JANUARY 27th 2017

Review by Lana Muirhead

I do not generally consider myself removed from the music scene: in fact for the most part I believe myself to be plugged right in.  Yet somehow, the throw-back band called Black Star Riders managed to escape my heavily tuned radar.

For those of you who are similarly in the void, the band consists of former Thin Lizzy guitarist Scott Gorham, former frontman of The Almighty, Ricky Warwick, guitarist Damon Johnson (who worked with Alice Cooper, among others), bassist Robbie Crane, and drummer Jimmy DeGrasso.  As legend has it, Warwick and Johnson came up with some tunes ,which they expected to be the skeleton of a 34-year-late Thin Lizzy follow-up; however it became something all its own now called Black Star Riders.

I had the occasion to listen to their forthcoming third full-length album, Heavy Fire, and was excited about the lifeblood coursing through its beats.  The release starts off heavy and in-your-face with the title track, “Heavy Fire”.  Everything about it made me sit up and widen my earholes to let more in: the scourging rhythm section, the classic heavy guitar riffs, and the overall rather dark matter spewing from Warwick’s typically borderline heavenly vocals. I thought to myself: “if this sets the tone for the record, it’s gonna be solid.” This was not the case.

Almost every song on the album had a different tone and several, like “Dancing With The Wrong Girl”, “Testify Or Say Goodbye”, and “True Blue Kid”, were surprisingly pop-y and uplifting. Think Kiss’ “Rock And Roll All Nite” meets the studded leathers of Judas Priest.

I really got what I wanted in “Who Rides The Tiger” which dealt not only in harsher vocals, epic shredding, and full-bodied drumming, but real social issues like gun control in America. Although I do not read super-deeply into some lyrics, I appreciated the commentary, while at the same time could pull out my air guitar and beat on my steering wheel drum kit without being bludgeoned with the issue (*ahem* of America being an armed bully *ahem*). “Cold War Love” was one of the more ballad-type numbers with a great staccato/chug to the opening guitar riffs. Warwick crooned over lost love with simply silky bedroom tongue dripping with raspy rock tune coating.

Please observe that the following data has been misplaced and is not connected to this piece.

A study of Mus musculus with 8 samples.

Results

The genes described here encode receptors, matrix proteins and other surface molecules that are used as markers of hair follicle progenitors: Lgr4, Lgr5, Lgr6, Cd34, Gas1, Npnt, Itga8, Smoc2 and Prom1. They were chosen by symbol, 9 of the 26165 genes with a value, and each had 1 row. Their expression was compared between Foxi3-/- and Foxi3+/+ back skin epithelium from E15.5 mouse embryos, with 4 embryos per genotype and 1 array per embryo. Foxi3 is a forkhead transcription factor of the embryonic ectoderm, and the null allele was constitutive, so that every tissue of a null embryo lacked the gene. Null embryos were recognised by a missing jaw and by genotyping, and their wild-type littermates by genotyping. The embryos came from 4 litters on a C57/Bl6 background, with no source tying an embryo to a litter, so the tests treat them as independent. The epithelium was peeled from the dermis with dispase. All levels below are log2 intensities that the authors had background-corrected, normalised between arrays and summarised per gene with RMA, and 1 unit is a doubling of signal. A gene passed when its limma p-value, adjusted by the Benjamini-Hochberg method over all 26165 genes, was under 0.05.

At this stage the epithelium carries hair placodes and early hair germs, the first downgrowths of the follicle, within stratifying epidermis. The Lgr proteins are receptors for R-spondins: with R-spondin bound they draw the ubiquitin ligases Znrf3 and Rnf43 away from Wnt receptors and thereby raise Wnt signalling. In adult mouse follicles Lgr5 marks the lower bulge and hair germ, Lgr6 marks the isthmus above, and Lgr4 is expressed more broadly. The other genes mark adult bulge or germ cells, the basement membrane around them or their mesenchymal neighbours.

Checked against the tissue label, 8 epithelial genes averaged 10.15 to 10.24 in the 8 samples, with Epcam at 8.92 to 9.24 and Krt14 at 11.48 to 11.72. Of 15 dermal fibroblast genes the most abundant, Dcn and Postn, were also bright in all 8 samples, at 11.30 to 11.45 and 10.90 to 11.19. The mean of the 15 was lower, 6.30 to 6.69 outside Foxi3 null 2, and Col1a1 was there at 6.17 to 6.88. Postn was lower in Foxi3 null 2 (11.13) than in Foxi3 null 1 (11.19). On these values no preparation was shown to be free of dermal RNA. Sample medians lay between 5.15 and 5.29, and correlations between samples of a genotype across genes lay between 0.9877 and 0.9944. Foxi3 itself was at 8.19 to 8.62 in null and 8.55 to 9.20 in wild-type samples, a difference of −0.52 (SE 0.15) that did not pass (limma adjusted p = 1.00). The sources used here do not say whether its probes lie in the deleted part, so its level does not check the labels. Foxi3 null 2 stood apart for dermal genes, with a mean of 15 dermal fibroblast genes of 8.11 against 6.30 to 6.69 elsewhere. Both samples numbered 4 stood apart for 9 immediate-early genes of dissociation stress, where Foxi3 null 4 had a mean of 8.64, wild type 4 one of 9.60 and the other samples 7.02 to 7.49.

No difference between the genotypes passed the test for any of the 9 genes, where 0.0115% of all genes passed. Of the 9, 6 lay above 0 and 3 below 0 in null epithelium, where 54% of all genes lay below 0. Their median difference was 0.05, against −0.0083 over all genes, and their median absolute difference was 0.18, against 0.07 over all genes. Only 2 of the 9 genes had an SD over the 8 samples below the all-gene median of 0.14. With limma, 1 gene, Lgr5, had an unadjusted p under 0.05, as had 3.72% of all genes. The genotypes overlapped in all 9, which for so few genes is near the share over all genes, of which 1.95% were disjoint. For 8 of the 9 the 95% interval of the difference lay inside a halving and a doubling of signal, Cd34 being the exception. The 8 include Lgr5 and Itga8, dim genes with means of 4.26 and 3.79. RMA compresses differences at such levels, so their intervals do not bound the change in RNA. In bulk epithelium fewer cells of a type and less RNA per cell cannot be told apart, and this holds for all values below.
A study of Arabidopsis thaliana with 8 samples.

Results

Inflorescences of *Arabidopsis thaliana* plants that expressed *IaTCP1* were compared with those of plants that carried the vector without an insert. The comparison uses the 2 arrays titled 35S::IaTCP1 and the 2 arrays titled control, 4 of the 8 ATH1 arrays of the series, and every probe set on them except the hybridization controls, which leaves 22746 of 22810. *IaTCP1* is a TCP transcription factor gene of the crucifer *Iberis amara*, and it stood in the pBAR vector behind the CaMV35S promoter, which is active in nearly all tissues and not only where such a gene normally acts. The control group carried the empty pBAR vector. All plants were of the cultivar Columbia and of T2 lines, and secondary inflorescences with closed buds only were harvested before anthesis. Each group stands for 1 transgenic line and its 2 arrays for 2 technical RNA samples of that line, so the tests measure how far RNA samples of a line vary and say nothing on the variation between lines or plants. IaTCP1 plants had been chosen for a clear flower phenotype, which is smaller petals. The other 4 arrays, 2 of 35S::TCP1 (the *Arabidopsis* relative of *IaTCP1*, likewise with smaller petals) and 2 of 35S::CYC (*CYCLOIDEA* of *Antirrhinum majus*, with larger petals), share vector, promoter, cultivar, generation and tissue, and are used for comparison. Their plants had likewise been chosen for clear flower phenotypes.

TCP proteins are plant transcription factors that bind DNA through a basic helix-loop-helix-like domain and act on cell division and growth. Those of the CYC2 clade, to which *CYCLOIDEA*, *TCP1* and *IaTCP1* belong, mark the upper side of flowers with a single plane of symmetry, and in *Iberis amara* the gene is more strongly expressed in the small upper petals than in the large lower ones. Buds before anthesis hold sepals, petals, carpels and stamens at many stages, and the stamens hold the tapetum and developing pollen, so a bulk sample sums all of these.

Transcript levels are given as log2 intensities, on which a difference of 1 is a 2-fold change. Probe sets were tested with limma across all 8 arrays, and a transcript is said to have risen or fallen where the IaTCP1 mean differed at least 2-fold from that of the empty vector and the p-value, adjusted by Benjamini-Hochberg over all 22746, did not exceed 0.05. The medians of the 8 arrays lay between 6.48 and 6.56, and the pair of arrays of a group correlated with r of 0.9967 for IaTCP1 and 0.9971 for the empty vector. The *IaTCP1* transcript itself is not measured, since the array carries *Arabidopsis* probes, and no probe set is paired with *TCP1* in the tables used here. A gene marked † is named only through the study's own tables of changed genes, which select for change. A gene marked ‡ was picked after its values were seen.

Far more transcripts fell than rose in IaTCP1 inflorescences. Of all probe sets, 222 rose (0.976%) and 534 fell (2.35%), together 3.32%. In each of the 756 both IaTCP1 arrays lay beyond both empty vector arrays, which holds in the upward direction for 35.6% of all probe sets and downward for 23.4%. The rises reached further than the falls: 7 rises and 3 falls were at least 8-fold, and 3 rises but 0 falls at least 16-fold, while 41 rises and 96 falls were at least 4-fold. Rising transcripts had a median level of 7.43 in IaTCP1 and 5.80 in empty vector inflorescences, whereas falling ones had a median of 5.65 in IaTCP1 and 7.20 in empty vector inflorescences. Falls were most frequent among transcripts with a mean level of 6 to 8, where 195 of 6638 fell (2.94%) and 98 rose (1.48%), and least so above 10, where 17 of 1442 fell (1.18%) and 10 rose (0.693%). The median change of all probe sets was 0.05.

Bass and guitars were consistently well executed throughout the album and really showed a range of possibilities for a band deeply routed in the rock of the 70s and 80s.  The drumming was excellent and on second listen I noted so many intricate nuances that escaped me on the first round, I wondered if I had been listening at all.  Shame on me because DeGrasso slipped it to me without me even knowing that I had been asking for and wanting it.  Warwick displayed his range as a rock singer by transitioning between a hardened rock commander to a slippery silver tongued devil as the tunes wove their way to the close. Closer track was “Letting Go Of Me”, a fairly typical kind of rock song. I had been edging toward expecting something a little more of a punch to the nuts to finish the record, and this was more of a toddler fist-pump.  Do not misunderstand: it was beautifully executed by all parties, it just left me wanting something more akin to a TKO.  

Overall the album was a great effort as a standalone. I had not listened to anything by Black Star Riders prior to giving Heavy Fire a go, and I purposely stayed away from listening to any of their other releases as to avoid this being a comparison piece.  I was really glad I chose to do so because not only does each individual song stand on its own, but the album itself does as well, and it should not be lumped with previous recordings.

There are more underlying discussions in the lyrics which I did not voice here, but I encourage you to read up on BSR if you’re interested in knowing more: they have a lot to say beyond “all you need is Jesus and a .44” – even though that is one of the better lines in today’s classic rock efforts. Suffice it to say that if you won’t take their silver, you’ll sure as shit eat their lead. Then ask for seconds.